Jakarta, Indonesia - The level of intolerance among the Muslim community toward the Ahmadiyah sect has more than doubled during the six years of President Susilo Bambang Yudhoyono’s rule, a survey indicates.
In the study by the Indonesian Survey Circle (LSI), 30.2 percent of 1,000 respondents in 100 towns and cities across Indonesia supported acts of violence against the sect, which many mainstream Muslims deem deviant.
LSI researcher Adrian Sopa said this was a sharp increase from a similar survey in 2005 that showed only 13.9 percent of respondents backed such moves.
“The government must do something before the problem escalates,” he said.
“[President Susilo Bambang] Yudhoyono must put an end to hate speeches and attacks and ensure religious freedom.”
However, in a speech on Tuesday, Yudhoyono blamed the rise of hard-line activity on the country’s transition toward a fully fledged democracy.
“In a large-scale transformation, there might be disorientation and resistance,” he said.
“It often causes uncomfortable feelings [and leads to different groups] blaming each other. It happens because the old values have been abandoned while the new values have not been properly established.”
The LSI’s latest survey comes on the heels of an attack against the Ahmadiyah and a plan to banish them to an island.
On Oct. 1, hundreds of attackers ransacked and burned down houses, schools and a mosque in Cisalada village, home to 600 followers of the minority sect.
On Monday, meanwhile, the district head of West Lombok announced plans to relocate a group of Ahmadiyah refugees to a deserted island to quell the local community’s unrest over their presence there.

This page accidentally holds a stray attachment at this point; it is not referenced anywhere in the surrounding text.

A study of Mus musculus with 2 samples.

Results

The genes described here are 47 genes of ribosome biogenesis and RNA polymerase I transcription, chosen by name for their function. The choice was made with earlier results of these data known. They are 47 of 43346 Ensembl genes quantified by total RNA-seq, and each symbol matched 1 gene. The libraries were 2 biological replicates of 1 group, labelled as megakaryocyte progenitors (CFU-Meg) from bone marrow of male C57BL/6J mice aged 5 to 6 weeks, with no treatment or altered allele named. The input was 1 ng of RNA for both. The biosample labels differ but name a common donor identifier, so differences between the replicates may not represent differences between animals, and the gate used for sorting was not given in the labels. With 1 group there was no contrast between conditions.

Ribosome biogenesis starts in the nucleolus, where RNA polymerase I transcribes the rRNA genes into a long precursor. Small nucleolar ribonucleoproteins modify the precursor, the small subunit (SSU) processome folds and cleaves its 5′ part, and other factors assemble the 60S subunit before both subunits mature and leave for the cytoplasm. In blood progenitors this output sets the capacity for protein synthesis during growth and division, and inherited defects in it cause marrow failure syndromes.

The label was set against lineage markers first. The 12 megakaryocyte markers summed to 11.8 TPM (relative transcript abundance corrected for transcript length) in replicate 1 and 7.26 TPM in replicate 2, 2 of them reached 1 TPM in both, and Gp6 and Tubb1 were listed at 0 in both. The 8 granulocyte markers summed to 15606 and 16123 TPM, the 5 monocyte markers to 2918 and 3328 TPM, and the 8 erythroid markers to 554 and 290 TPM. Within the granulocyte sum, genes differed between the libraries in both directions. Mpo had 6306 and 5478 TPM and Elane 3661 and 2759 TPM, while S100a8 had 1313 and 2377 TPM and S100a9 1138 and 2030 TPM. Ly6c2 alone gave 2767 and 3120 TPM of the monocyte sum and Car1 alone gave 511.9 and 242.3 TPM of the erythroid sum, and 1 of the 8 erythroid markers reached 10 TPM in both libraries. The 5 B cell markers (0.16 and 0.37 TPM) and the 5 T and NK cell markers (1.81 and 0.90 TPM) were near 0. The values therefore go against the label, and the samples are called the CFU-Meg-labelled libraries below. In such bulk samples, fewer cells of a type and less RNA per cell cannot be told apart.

The LSI concluded the growing number of attacks against Ahmadiyah was rooted in the government’s failure to prosecute the perpetrators.
A similar study released last month by the Center for the Study of Islam and Society found “a worrying increase” in religious intolerance among Muslims in 2010 compared with 2001.
Of 1,200 adult Muslim men and women surveyed nationwide, 57.8 percent said they were against the construction of churches and other non-Muslim places of worship — the highest level recorded by the study center since 2001.
More than a quarter, or 27.6 percent, said they would object to non-Muslims teaching their children in school, up from 21.4 percent in 2008.
Center chief Jajat Burhanudin said the results were “good news for radical groups” in the world’s biggest Muslim-majority state.
“Religious intolerance encourages people to become radicals, join terrorist networks or at least support the agenda of fundamentalists who commit violence in the name of religion,” he said.
Indonesia’s Constitution guarantees freedom of religion, while the country of 240 million people, 80 percent of whom are Muslim, has ratified the UN’s International Covenant on Civil and Political Rights.
Followers of Ahmadiyah, a sect founded in India in 1889, profess the group’s founder, Mirza Ghulam Ahmad, was the last prophet, a belief that runs counter to mainstream Islamic beliefs that reserve that distinction for the Prophet Muhammad.
In 2005, the Indonesian Ulema Council (MUI) issued a fatwa, or edict, calling the sect’s teachings blasphemous.
Since then, a string of violent acts and discrimination against members of the group have gone mainly unpunished.